Students who decide to enter college to pursue history might feel overwhelmed by the broadness of it all, as there is so much potential time and information to digest. Luckily, most programs require students to choose a specialty, so they can focus on a particular era, region or group of people during their studies.
History majors can explore a number of exciting careers in research or education; careers that will take them to environments as distinct as schools, art galleries, museums, historical tourist destinations, government offices and research facilities. They play a significant role in our communities, as students, politicians and researchers, guiding us through our own history to clarify, or sometimes complicate, our understanding of various forms of ancestry and the underpinnings of present day living.
History majors enjoy flexibility when it comes to choosing a field specialization. Students can dive into the history of certain locations, such as East Asia, the United States, Ireland or, for forward-thinking students, even the history of digital spaces. Scholars can choose from a specific time period, as they would when examining the Srivijaya period in Indonesia, the Zhou Dynasty in China or the European Renaissance . History majors can also choose to examine the history of specific demographics of people, delving into the African American or Jewish experience through the lens of history. It's worth noting that specializations tend to become more definite as students progress into their studies at the graduate level.
Students can apply to history programs starting at the associate level and ending at the doctoral level. The career opportunities graduates qualify for will depend on the type of degree they hold.
This two-year degree gives students interested in history a cursory look at U.S. and world events. Generally, there is very little opportunity for period, location or demographic specialization at this degree level. The career opportunities for associate degree holders in history will be limited, and include assistant roles with history researchers or museum curators. Most colleges allow students to apply associate degree credits toward a bachelor's.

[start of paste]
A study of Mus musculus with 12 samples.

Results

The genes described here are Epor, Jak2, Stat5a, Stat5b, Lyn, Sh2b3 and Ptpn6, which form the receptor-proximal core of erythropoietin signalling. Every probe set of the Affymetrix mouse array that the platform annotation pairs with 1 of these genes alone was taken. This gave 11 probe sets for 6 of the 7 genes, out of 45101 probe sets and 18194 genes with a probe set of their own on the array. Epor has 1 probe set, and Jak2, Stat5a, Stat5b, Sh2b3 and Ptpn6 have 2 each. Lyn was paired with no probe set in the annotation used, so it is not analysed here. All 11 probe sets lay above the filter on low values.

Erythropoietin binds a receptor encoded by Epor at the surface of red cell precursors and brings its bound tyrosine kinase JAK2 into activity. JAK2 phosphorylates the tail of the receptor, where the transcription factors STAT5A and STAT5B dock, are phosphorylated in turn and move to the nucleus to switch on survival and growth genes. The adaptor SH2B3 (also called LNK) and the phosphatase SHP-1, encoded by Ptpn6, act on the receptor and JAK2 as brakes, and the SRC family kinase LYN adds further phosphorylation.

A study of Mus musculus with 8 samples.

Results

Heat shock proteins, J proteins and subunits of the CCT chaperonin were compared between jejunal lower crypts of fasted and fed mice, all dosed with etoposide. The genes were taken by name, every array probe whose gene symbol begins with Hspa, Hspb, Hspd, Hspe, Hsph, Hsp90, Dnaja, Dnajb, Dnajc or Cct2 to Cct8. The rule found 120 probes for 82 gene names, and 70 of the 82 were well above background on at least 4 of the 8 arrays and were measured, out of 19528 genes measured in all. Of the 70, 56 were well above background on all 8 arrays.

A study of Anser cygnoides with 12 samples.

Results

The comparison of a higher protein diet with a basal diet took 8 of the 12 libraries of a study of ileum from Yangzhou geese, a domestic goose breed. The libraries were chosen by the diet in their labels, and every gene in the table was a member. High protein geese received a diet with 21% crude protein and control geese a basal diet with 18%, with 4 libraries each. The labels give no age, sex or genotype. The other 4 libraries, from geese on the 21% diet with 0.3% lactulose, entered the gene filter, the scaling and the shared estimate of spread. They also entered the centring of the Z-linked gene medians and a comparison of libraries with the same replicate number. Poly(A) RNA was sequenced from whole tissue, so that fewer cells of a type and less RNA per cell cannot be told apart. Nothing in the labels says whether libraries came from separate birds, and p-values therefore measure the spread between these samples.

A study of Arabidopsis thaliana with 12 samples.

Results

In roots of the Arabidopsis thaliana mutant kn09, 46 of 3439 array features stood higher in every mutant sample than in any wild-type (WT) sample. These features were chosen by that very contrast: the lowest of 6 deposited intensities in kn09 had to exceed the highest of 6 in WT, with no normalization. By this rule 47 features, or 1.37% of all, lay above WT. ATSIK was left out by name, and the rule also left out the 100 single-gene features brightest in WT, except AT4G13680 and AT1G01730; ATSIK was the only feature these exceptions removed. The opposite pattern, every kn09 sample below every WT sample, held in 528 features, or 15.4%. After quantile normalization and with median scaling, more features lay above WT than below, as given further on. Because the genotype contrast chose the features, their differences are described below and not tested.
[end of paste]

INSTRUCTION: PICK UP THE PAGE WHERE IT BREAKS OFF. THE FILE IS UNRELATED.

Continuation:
This degree level takes approximately four years to complete. Undergraduate history majors can often select a specialty upon enrollment, such as a focus on a particular region, historical period or demographic. Those who graduate with a bachelor's degree in history have numerous professional routes open to them in schools, newsrooms, museums and government offices.
This graduate program generally takes one to two years to complete. Students studying history at this level will most likely delve further into their chosen specialties, gaining expertise on a particular historical period, location or group of people. Professionals holding a master's degree in history can explore careers as researchers or guides for museums, tourist centers and art galleries. Master's students who wish to teach history at the collegiate level can continue their studies and research with a Ph.D. program.
People who obtain a doctorate in history will be considered experts within their specialty. Students might be expected to publish their research within a journal and defend their work in front of a dissertation panel. Those who hold a Ph.D. in history can continue teaching at the collegiate level, or work with museums, historical centers, art galleries and government offices as a historical expert.
History students pursuing any of the aforementioned degree types should strongly consider joining a national honors society such as Phi Alpha Theta. Professional organizations provide merit-based scholarships and grants, which can help history students fund their academic journey. History graduates entering the workforce should look into memberships with the American Historical Association and other professional organizations, since they can provide networking opportunities, job listings and industry publications.
Ideal Candidates for History
While many researchers fixate on discoveries that impact the future, historians are continually uncovering new facts about our past, including texts, tools and artwork that help us learn more about our ancestors. Social and communication skills are a must-have for historians who wish to teach as professors, museum guides or art curators. Historians might even be called upon to appear on television or in court as a history expert. Individuals who are comfortable sharing their passion and expertise with others will excel in community education roles.
Bachelor's degree holders can often find work as historical research assistants, a career that pays an average of $38,120 a year or $18.33 hourly. The locations with the highest research assistant hiring rates include Washington DC, Maryland, Washington State, Oregon and Massachusetts.
Those who are interested in becoming historians usually have to earn a master's degree to find an entry-level position. Unfortunately, the job outlook for this position is not favorable, with a 6% projected growth rate before the year 2022. Professionals who work as historians earn an average of $52,480 a year.
History degree holders can also find roles within museums and galleries as curators or archivists. These roles tend to pay an average of $44,410 a year, with an average job outlook growth rate of 11%. These professionals spend their time appraising items acquired by museums and galleries, and they sometimes play a role in the protection and conservation of these items.